The impact on Iranian mothers and fathers who have children with an autism spectrum disorder
To date, most research with families who have a child with autism spectrum disorder (ASD) has been undertaken in English-speaking countries. Increased levels of stress allied with poorer health have been commonly reported for mothers, with less attention paid to fathers. This study aimed to document the personal impact on Iranian mothers and fathers and identify the correlates of increased stress and poorer emotional well-being.
In all, 103 parents (58 mothers and 45 fathers) from 74 families who had a child with ASD volunteered to take part in the study. Each participant completed through interview, standardised rating scales of parenting stress, emotional well-being and family functioning as well as rating their child's autistic symptoms, including stereotyped behaviours.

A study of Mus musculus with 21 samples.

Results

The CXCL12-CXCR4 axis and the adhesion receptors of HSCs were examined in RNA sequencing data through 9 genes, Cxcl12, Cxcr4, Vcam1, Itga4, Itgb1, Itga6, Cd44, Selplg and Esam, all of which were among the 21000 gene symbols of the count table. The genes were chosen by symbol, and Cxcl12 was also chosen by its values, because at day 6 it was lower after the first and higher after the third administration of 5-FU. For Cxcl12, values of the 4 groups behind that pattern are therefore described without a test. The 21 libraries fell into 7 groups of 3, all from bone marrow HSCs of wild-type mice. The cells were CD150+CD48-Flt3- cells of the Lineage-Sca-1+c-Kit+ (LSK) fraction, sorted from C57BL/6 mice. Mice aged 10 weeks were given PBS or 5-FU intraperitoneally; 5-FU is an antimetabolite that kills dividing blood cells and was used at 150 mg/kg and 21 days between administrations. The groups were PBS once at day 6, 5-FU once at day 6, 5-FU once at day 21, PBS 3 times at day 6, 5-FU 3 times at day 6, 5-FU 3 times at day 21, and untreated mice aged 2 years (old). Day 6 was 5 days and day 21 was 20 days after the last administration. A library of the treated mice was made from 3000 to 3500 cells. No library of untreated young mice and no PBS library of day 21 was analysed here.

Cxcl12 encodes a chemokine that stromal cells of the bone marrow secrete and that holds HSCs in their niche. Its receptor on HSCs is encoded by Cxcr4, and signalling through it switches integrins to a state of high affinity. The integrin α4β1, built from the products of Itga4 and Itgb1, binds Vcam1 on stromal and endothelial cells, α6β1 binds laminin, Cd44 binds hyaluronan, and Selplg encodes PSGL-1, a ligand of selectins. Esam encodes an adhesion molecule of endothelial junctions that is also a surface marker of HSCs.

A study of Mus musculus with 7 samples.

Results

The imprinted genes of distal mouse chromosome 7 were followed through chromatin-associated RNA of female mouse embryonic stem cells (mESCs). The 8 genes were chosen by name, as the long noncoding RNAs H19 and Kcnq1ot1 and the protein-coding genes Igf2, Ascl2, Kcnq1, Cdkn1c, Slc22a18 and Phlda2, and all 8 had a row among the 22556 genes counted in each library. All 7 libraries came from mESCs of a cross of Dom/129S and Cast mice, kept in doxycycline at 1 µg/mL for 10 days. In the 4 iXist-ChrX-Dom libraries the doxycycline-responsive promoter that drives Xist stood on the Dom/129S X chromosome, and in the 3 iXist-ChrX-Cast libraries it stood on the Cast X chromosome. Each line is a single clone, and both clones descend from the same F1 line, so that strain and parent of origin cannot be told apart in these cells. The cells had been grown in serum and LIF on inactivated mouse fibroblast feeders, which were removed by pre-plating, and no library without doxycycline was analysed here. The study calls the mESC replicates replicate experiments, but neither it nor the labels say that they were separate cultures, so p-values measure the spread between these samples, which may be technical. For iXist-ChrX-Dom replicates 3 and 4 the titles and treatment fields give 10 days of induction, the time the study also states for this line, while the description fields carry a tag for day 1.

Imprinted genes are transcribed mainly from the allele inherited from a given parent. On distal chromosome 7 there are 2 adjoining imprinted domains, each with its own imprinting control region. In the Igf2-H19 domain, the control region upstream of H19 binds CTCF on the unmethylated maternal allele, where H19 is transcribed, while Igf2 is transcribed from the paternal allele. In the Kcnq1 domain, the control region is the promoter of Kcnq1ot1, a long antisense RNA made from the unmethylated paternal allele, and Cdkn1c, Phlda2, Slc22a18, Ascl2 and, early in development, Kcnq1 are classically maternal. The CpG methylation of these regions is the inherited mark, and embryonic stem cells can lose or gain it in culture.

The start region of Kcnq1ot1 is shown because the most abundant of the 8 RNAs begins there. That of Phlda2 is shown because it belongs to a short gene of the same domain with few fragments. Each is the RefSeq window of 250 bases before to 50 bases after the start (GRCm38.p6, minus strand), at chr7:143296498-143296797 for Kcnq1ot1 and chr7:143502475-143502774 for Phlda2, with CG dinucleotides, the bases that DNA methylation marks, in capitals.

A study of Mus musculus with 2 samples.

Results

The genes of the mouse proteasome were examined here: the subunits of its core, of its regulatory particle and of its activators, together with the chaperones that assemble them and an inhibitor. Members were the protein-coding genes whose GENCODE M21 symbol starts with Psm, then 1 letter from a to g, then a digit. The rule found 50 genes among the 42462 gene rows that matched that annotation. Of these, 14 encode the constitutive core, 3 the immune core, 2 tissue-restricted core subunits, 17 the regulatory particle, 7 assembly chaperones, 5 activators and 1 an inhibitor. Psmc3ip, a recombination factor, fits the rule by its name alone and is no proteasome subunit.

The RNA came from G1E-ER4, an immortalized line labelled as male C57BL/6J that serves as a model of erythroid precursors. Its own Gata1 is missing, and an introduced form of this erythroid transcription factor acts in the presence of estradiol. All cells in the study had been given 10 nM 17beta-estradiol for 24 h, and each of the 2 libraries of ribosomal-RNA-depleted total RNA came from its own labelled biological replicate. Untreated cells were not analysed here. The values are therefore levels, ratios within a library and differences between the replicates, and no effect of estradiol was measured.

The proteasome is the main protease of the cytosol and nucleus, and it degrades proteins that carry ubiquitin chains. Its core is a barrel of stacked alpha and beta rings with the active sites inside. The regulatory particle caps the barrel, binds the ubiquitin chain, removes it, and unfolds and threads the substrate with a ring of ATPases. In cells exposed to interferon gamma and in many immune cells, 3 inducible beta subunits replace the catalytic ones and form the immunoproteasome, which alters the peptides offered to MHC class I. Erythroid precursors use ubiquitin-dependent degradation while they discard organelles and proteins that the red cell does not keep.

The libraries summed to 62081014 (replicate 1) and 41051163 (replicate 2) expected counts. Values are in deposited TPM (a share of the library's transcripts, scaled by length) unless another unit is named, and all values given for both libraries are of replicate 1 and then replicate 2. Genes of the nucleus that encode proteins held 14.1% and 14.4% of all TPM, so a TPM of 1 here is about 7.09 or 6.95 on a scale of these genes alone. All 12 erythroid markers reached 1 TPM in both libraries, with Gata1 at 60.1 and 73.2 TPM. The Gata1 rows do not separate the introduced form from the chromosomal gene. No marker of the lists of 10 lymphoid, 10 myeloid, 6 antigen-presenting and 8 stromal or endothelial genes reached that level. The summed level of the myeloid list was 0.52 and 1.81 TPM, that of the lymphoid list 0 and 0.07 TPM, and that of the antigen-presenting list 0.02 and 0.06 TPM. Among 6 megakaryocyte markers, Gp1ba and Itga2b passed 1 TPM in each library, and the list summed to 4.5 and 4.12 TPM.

Mothers had significantly higher scores than fathers on measures of stress and emotional well-being. Although these variables were highly correlated, binary logistic regression identified that the poorer health was also associated with lower educational levels of the parents, more behavioural problems with the child and fewer autistic symptoms overall. A similar regression analysis of stress scores identified no gender differences but found that lower stress was associated with mothers and fathers who were joint caregivers and when the family lived with relatives.
Iranian parents experience broadly similar responses to parents in other countries, which suggests that the impact of ASD outweighs any cultural differences that might otherwise be present in parental responses to caring for children. In common with families internationally, these parents are likely to benefit from opportunities to become better informed about ASD and the management of their child at home allied with increased support from families and friends.